Kim Beach is the Founder and CEO at InsureWomen, an insurance company with a mission to empower women in the insurance buying process to feel confident, educated and treated with the respect and attention they deserve. Kim was interviewed by Michael Fiedel, a Managing Director at InsurTech Ohio and Co-Founder at PolicyFly, Inc.
Kim, what compelled you to shift into a career in insurance?
“I think it’s incredibly interesting, even powerful, that a lot of people often fall into insurance from very different perspectives. I was in the television industry at the end of my career. Well, it wasn't really the end of my career there, but toward the end I was like, ‘Ok, I don't want things to end like this’. I am a little older, and my husband has been a lifelong life insurance guy, so he invited me to work with him.
I looked into the opportunity and could see the flexibility and ownership it offered. One of the things that we really don't talk about in the insurance business is it's a must-have product (for the P&C business). People have to buy insurance. When I joined my husband, my focus was going to be to sell long term care insurance, but then, we found out that I could start a from-scratch insurance agency. I was up for the challenge because my husband's been a in the business so long and knew more than I did, I knew I could count on his support. And since there’s not a lot of recurring revenue in life insurance, we thought this would be a great niche for me to go into. I've been in my community a long time, have been involved with many organizations and know a lot of people. I thought it was important to build something and really serve the people in my community.”
As a woman entering into insurance, how did you feel as you immersed yourself into a male-dominated industry?
“It's interesting because I was by myself starting this agency, and this, as you know, is still a very male-dominated industry. It’s hard because as a woman, you feel like you're on the outside looking in. It really takes an effort to engage with some of the men and also reach out to women in the industry to get some idea of what other people are struggling with and how they are solving these problems..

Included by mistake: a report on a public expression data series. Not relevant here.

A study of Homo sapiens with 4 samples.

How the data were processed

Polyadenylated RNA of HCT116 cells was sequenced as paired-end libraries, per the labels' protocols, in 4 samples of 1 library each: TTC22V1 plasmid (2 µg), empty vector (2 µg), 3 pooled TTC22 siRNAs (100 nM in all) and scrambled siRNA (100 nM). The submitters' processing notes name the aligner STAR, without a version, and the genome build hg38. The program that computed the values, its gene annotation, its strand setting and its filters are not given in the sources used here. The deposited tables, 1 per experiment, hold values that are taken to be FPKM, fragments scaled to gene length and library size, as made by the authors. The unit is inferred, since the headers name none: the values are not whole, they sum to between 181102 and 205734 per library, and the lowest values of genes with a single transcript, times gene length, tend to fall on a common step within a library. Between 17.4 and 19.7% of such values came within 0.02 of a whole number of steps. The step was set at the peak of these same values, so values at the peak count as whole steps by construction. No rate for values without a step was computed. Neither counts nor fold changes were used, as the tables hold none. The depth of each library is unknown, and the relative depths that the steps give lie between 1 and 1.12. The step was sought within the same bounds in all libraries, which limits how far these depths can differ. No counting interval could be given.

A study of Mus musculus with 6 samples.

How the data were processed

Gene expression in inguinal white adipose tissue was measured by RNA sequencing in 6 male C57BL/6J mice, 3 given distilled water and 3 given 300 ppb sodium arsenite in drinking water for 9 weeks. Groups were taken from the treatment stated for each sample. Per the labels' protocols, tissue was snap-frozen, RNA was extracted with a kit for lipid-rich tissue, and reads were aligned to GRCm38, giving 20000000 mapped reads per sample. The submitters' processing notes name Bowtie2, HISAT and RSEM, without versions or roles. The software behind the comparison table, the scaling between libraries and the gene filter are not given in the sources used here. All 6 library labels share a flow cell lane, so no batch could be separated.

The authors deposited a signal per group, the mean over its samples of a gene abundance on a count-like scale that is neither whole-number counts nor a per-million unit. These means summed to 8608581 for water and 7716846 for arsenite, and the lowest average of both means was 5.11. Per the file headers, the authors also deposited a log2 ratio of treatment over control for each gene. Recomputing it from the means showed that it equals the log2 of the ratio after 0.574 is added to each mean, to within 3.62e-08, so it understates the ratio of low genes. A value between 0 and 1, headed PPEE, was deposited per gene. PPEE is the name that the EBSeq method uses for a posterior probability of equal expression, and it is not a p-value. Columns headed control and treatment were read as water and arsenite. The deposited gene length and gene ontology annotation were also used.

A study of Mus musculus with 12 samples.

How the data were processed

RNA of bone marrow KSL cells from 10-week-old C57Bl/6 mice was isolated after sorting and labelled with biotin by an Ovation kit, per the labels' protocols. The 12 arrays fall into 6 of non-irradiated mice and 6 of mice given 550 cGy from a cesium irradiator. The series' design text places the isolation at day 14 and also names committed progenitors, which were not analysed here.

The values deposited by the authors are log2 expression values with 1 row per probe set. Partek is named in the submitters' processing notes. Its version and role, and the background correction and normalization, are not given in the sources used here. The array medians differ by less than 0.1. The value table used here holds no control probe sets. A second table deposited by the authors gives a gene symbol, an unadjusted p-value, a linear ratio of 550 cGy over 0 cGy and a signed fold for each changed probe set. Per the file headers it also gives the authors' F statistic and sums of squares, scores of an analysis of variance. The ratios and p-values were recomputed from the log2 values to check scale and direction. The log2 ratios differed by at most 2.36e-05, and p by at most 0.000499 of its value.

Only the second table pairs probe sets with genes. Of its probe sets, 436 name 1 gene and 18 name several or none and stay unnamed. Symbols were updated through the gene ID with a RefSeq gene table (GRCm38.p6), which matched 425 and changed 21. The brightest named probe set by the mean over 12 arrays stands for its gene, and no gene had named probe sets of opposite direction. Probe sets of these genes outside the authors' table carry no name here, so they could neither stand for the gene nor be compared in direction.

What I found with women in the industry was they were super supportive of other women, and I absolutely love that. I started reaching out to other female agents with questions and seeking advice. Everybody was very supportive, but it was scary making myself vulnerable and asking for help is never easy. I found the people in this industry are incredibly responsive and truly care about their clients as well as their colleagues.”
Why do you think it has taken so long for insurance to move the needle on empowering women?
“There's not a lot of female leadership. I do think that is changing, but it's very different when you look at insurance from a corporate perspective, and then you look at it from an agency perspective because there are more women that have gotten into the agency side of things. At the corporate level, looking at senior leadership in particular, women still comprise a small percentage. But there is a growing contingent of women out there who are trying to change that, which is uplifting to see. It's interesting to me because during COVID, I would contend that women in the business (on the agency side) found their voice. There's a lot more communication and consensus among these women in insurance, and this has really come to light in the last two years.
I definitely see the tide turning for women and with so much new technology coming into play, outsiders have figured out there's a lot of money to be made in this industry. In addition, the talent growth is exceptional and the broadening skill sets that the insurtech movement is bringing offers even more excitement.”
Do you feel like there is a commensurate amount of momentum towards diversity, or is there a strong subset of this conversation that is just lip service?
“I really do think people care. Companies are now hosting events for women. Liberty Mutual and Safeco’s Mid-Atlantic region did a two-day event for women last year. Westfield Insurance also hosted a women-focused insurance event last year.. I know at the Big I’s Elevate Conference, they did a whole breakout on women in insurance. Again, with the ability to communicate now, nobody can hide, and I think women are demanding they be heard and get a place at the table.”
What can you and other female leaders in the insurance industry do to help even more women find great opportunities?
“Mentorship. How do I mentor somebody? Well, go on LinkedIn and start connecting with other women and see who needs help. I have people reach out to me all the time, but that's because of InsureWomen. You can also get involved in Gamma Iota Sigma, a fraternity for insurance majors at colleges. These are people that would love to be mentored by experts in their communities. Mentorship will also be a focus of InsureWomen, which launched at the beginning of this month. It’s a community of female agents and other stakeholders in the industry who care about women buying insurance and women selling insurance. Getting more women into the business, through these inspiring women, is the ultimate goal.”